Estate planning is a great way to make sure your loved ones are looked after and protect your assets if you become incapacitated or die. However, many people neglect to plan for their own incapacity, which can have serious financial consequences.
The cost of long-term care
Your estate will be responsible for the cost if you become incapacitated and require long-term care. Long-term care can be very expensive, and if you haven’t planned for it, your estate may not be able to cover the cost. For instance, one of the biggest financial costs of incapacity is the expense of nursing home care. Nursing home care can cost thousands of dollars per month, and if you don’t have long-term care insurance, your estate will be responsible for paying those costs.
The cost of lost income
If you become incapacitated and cannot work, your income may suffer. This can have a major impact on your ability to maintain your standard of living. Additionally, if you have dependents, their standard of living may also suffer because of your lost income. If you have children, they may need to attend daycare or after-school programs, which can also be expensive.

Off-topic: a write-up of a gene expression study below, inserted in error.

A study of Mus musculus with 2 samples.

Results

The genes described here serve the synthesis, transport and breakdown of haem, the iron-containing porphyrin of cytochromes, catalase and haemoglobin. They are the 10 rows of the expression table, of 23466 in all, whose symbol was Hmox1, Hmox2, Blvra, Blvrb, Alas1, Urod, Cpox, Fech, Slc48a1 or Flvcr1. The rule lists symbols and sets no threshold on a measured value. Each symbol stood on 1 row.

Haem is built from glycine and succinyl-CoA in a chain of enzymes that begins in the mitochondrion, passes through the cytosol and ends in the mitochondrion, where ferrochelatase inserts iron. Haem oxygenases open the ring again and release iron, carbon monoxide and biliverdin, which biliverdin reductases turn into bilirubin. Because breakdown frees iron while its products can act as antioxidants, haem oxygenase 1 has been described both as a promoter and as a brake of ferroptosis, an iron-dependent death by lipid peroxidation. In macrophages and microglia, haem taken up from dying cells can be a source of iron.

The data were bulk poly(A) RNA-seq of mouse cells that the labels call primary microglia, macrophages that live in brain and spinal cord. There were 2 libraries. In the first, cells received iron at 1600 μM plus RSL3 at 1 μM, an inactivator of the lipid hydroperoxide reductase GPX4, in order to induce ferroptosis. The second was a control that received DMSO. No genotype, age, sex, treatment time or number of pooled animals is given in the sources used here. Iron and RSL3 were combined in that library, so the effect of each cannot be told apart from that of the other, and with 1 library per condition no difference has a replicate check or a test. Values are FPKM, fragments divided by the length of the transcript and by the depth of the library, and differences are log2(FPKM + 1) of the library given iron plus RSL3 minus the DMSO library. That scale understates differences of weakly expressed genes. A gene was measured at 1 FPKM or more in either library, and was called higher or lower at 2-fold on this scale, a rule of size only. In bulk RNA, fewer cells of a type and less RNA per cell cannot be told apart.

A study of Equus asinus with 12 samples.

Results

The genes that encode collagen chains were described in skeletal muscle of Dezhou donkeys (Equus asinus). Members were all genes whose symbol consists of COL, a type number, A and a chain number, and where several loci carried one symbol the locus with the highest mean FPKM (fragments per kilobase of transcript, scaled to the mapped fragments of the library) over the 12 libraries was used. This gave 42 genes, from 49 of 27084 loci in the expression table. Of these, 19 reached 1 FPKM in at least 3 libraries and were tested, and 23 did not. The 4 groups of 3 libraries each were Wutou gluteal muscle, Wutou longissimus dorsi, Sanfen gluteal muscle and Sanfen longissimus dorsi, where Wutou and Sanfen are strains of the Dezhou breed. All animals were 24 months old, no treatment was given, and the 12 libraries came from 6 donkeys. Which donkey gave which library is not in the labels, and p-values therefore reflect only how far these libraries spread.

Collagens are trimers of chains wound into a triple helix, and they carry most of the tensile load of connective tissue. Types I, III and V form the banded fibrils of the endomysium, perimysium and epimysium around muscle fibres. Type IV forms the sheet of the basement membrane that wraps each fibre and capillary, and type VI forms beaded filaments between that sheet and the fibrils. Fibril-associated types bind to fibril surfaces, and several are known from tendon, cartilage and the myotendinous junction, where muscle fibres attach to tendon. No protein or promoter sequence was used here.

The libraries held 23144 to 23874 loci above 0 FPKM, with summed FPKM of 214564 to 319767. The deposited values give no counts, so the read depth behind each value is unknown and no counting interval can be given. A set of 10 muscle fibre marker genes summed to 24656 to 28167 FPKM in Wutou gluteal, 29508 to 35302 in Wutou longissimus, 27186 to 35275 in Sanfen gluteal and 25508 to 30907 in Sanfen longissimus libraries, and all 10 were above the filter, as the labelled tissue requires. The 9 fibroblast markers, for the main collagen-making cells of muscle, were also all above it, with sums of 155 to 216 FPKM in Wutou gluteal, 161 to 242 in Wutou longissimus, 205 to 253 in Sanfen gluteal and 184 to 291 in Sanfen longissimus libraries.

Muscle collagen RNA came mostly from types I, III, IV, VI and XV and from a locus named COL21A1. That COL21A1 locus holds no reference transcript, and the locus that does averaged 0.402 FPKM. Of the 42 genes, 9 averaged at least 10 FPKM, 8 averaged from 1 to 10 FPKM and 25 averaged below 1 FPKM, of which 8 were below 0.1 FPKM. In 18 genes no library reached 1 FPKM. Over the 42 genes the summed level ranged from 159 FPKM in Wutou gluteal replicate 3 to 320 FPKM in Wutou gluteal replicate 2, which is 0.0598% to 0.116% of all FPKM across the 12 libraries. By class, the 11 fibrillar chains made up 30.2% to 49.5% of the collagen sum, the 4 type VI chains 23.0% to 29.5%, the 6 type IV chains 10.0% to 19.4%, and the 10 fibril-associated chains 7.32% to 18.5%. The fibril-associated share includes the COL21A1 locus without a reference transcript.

The cost of estate administration
If you die without a will or other estate planning documents, your estate will have to go through the probate process. Probate can be expensive and time-consuming, and it can tie up your assets for months or even years. Also, the court will appoint a guardian if you have minor children, and the cost of that guardianship can be expensive as well.
To avoid these costly consequences, it’s important to plan for your own incapacity. This includes creating a solid estate plan that includes provisions for long-term care and income replacement. You may also want to understand the process of probate and how to avoid it if possible. By planning for your own incapacity, you can protect your assets and be certain that your loved ones are cared for.